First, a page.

The Future of Work is Socially Distant in the Age of COVID-19 (and Beyond?)
For most of human history, work has been an inherently shared activity with most types of jobs being performed in settings where groups of co-workers interact. However, there is a rather significant subset of job roles that lend themselves well to being performed by remote and the rising percentage of remote workers in recent years attests to this fact. Now, with the COVID-19 pandemic, many workers who may not have been permitted to work via remote before, are left no other choice but to telecommute full time. It is a logical conclusion that after the crisis has abated, the future of work may favor a longer-term movement in all industries to permit, or even promote remote working as an option. How might this effect workforce management practices?
First the numbers. According to special analysis performed by remote job search site FlexJobs and Global Workplace Analytics, the US has seen a pronounced increase in the number of people working by remote. Between 2016 and 2017 remote work grew by a healthy 7.9%. Over the last five years, the remote work growth rate clocks in at a whopping 44%. And over the last 10 years remote work has grown an eye-popping 91%! As of the writing of the FlexJobs/Global Workplace Analytics report in early 2020, a full 3.4% of the entire U.S. workforce is comprised of remote workers; up from 2.9% in 2015.
With the adoption of remote work already accelerating, the future of work during and post COVID-19 will almost certainly require workforce managers to embrace the trend. What does this look like in a practical sense? Some likely scenarios.
Greater Engagement of Project Work through SOW Engagements | Organizations had already begun to leverage SOW and project labor for non-essential or non-core projects. Commonly encountered in the IT and information systems design area, the future of work post Coronavirus will likely see a large uptick in the volume of non-core tasks being outsourced to SOW. This is almost always work easily performed via remote workers/teams. Now would be a good time to explore how SOW labor can be effectively applied in your organization.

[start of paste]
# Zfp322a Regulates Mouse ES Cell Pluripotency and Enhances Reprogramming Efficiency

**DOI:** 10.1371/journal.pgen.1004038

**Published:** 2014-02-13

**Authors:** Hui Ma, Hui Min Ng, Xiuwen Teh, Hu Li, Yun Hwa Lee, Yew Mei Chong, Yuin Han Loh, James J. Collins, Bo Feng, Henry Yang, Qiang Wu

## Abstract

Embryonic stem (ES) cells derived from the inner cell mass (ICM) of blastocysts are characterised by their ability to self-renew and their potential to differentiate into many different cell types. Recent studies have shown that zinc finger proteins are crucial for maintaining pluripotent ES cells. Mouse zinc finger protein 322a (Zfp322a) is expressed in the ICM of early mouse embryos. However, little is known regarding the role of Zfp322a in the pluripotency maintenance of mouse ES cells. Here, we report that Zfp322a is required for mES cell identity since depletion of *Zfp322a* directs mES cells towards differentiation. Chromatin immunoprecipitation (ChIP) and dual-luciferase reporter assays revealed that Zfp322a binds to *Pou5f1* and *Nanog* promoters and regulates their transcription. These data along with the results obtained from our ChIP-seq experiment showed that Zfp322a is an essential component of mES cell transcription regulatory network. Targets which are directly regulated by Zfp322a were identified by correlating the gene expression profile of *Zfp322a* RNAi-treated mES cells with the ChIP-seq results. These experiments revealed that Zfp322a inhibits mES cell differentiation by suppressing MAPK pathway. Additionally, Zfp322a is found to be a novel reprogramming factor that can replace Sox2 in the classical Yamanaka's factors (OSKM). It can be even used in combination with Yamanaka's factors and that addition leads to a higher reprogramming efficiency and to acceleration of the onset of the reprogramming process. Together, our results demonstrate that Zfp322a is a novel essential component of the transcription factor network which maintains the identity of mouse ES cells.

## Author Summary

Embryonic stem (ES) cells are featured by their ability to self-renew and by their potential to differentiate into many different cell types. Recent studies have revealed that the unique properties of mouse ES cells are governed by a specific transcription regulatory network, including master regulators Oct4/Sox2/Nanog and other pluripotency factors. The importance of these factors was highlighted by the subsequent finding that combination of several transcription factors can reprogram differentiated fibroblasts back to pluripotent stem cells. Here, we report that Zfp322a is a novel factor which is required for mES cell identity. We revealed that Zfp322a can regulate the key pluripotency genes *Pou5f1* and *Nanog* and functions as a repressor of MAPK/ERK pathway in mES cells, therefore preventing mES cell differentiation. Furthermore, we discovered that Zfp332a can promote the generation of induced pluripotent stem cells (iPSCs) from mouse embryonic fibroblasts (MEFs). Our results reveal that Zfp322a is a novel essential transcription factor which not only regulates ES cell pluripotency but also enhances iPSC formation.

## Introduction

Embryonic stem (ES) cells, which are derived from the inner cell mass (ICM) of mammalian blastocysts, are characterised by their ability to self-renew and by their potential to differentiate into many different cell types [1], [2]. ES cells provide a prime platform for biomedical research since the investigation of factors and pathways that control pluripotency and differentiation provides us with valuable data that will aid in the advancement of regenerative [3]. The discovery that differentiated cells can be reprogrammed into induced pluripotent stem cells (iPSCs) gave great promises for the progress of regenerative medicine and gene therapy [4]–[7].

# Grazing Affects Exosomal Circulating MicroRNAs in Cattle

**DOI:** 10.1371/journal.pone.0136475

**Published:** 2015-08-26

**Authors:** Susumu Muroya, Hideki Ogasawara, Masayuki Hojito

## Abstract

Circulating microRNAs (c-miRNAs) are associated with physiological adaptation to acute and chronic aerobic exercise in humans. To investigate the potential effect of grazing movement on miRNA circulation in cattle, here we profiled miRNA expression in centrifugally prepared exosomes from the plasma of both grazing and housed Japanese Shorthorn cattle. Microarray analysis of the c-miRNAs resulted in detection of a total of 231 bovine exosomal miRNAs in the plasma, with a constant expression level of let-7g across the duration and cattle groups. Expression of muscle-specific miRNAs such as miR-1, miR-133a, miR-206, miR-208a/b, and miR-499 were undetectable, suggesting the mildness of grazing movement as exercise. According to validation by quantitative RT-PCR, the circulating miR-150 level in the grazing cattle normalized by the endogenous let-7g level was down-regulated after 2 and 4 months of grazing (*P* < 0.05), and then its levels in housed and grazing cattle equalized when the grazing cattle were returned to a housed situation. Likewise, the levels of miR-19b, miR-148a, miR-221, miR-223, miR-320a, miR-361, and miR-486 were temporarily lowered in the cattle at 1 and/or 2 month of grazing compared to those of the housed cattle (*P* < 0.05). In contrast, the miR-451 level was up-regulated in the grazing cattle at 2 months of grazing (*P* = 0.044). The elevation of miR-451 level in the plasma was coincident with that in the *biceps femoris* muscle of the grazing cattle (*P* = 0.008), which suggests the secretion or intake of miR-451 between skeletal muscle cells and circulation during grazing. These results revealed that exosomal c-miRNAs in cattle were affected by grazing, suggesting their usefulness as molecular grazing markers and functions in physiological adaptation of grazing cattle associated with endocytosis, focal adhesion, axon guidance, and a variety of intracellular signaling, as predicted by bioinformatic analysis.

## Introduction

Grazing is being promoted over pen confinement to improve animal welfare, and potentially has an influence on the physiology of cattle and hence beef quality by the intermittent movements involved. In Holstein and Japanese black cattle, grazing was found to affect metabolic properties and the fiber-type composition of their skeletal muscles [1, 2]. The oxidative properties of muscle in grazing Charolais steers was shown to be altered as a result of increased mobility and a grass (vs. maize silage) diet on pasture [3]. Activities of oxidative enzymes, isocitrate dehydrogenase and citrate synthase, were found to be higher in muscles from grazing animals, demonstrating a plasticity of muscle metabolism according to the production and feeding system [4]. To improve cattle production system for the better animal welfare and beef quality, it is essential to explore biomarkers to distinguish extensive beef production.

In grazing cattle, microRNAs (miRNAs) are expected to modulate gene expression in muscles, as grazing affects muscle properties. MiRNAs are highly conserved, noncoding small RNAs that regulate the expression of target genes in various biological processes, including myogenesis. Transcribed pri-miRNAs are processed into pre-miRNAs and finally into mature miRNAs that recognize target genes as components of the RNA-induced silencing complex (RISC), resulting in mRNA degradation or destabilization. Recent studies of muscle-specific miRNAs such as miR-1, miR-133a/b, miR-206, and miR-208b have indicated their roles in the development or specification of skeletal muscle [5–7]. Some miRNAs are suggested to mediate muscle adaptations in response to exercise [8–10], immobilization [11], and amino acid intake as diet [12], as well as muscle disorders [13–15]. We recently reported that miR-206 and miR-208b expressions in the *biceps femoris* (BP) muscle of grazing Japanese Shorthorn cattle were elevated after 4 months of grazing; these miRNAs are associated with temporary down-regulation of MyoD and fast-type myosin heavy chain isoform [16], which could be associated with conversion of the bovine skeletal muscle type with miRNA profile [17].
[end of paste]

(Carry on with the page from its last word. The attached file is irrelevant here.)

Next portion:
Increased Utilization of Freelancers and Human Cloud Sourcing | For the foreseeable future, organizations will be restricted in their ability to source new contingent labor. With non-essential workplaces being shut down in many locations (and the number of locations still expected to grow), organizations will have to be creative when it comes to engaging talent. The good news is that many freelancers and contractors connected to the Human Cloud are already proficient at offering services and delivering work via remote. For companies not yet leveraging these two talent channels, now is a good time to learn how it is done.
The Utility and Convenience of Remote Work Will Remain After the Disease is Vanquished | For employers and workers alike, there are great benefits to the remote work arrangement. For employers, the benefits include quick access to available talent and reduced costs associated with maintaining physical workspaces. For workers, there is a distinct quality of life benefit derived from ditching commutes, flexible scheduling and increased productivity that comes from managing one’s own work schedule.
The future of work is decidedly more reliant on remote work even without the specter of this pandemic. For employers this means not only learning how to engage these types of workers, but also additional considerations related to IC classification, payrolling, tax reporting, benefits administration and others. For help leveraging the trend in effective, compliant and cost-effective ways, reach out to nextSource for expert guidance on embracing the future of work (but only metaphorically and from at least six feet away).